A coalition of rural hamlets and aboriginal communities addressed the Regional Municipality of Wood Buffalo’s council on Tuesday night, looking to strike a better deal for residents who live outside of Fort McMurray.
Spokesman and President of the Fort McKay Metis Community Association, Ron Quintal, says there’s been an uneven balance since 1995. That’s when an agreement was struck between the city of Fort Mac and the surrounding hamlets to form the amalgamated Regional Municipality of Wood Buffalo.
Quintal says he doesn’t want a rural versus urban fight, he wants to make sure the urban centre is successful.
“However, at the same time we want to ensure the rural communities are just as successful, and that’s not the case. With 95% of the Regional Municipality’s tax revenues coming from the rural areas, we are only getting, actually, 4% of the overall budget.”
Quintal says, when people have to go outside to use the outhouse, that’s a sign of major disparity. He says there are many communities in the region without water or sewer lines.
“They’re building neighborhoods on a daily basis in Fort McMurray with piped water and sewer. The one major thing, the one major difference in terms of our argument is that, we feel that because these communities are signatories to the amalgamation agreement, we feel that they should be looked at in a higher standard in terms of infrastructure projects in the region.”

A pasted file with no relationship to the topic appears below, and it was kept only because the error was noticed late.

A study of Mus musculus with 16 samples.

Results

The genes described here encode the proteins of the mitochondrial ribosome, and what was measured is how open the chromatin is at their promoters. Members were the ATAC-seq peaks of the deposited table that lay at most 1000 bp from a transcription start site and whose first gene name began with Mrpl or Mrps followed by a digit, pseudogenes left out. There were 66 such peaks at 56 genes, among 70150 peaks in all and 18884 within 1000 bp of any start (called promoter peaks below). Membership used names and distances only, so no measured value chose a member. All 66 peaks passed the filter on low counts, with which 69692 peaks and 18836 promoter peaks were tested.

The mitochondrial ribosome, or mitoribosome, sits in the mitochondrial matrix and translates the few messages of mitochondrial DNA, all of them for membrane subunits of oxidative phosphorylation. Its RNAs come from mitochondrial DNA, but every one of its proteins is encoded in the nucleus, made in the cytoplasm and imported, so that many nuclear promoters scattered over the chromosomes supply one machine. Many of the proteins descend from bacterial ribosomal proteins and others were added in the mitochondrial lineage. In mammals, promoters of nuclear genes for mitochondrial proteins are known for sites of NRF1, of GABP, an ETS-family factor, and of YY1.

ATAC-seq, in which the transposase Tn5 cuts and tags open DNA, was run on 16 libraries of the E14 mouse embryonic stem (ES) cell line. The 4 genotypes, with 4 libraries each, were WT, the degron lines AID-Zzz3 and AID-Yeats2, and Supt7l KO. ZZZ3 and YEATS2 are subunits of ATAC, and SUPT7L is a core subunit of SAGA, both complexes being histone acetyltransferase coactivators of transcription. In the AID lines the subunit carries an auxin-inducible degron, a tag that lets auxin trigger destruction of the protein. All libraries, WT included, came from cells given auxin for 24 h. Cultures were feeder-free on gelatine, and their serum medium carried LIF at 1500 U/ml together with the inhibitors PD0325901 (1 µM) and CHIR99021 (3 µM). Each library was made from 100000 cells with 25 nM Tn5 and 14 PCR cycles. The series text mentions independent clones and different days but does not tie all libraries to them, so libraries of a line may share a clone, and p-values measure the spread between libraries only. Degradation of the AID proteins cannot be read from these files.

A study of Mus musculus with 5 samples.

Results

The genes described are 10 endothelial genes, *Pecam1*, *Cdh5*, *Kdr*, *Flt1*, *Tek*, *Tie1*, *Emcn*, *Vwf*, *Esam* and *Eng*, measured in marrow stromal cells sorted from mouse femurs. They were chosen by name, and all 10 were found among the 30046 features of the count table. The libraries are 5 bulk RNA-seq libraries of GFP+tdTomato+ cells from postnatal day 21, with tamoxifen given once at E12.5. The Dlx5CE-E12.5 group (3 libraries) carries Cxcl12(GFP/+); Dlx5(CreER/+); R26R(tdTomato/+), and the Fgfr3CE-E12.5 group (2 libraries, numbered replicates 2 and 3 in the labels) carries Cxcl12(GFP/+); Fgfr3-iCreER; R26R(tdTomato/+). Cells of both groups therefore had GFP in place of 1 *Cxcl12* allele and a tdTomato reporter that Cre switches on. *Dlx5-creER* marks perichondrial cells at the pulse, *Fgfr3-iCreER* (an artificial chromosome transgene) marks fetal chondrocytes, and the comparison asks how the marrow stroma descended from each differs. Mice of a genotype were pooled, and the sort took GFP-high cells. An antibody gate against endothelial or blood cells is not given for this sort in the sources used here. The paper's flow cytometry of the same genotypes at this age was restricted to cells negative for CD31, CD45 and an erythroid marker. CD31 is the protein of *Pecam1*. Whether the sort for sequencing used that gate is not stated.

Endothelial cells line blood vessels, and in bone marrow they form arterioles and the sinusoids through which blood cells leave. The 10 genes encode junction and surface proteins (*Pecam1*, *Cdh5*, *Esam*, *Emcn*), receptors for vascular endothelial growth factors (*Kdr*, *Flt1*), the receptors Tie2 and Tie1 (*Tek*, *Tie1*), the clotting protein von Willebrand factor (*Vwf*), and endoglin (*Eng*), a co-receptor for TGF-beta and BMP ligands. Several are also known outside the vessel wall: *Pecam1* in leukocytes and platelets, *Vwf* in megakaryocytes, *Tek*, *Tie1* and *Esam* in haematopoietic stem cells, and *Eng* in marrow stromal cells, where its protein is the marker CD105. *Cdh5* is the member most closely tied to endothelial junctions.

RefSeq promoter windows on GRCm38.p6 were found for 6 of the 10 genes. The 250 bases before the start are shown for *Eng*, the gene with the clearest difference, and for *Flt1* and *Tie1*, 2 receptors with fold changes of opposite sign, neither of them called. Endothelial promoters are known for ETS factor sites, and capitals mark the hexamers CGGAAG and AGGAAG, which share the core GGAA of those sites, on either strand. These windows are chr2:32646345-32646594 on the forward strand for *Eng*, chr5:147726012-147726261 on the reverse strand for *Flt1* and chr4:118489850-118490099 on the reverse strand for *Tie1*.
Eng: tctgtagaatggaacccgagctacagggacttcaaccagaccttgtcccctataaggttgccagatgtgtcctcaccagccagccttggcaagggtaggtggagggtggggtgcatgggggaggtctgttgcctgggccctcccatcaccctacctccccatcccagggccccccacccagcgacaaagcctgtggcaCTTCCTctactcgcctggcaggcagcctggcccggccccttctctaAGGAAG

He says their projects are given a lower priority. He points to community rec centre that’s been planned for the town of Conklin, funding for which has been delayed numerous times.
Quintal says the system is stacked against rural communities with just three rural seats next to the seven urban seats on council. He’d like to see a balance of seven urban councillors, seven rural councillors with the mayor’s seat able to break any deadlocks.
Following Tuesday’s council meeting he says he was surprised to find Mayor Melissa Blake and members of council open to their plight and suggestions.
“There was some positives coming from a lot of councillors, that they feel that they want to work with us and they identified the fact that, and recognized the fact that there is a huge disparity in terms of the contrast between the rural and the urban.”
And so Ron Quintal remains, “cautiously optimistic.”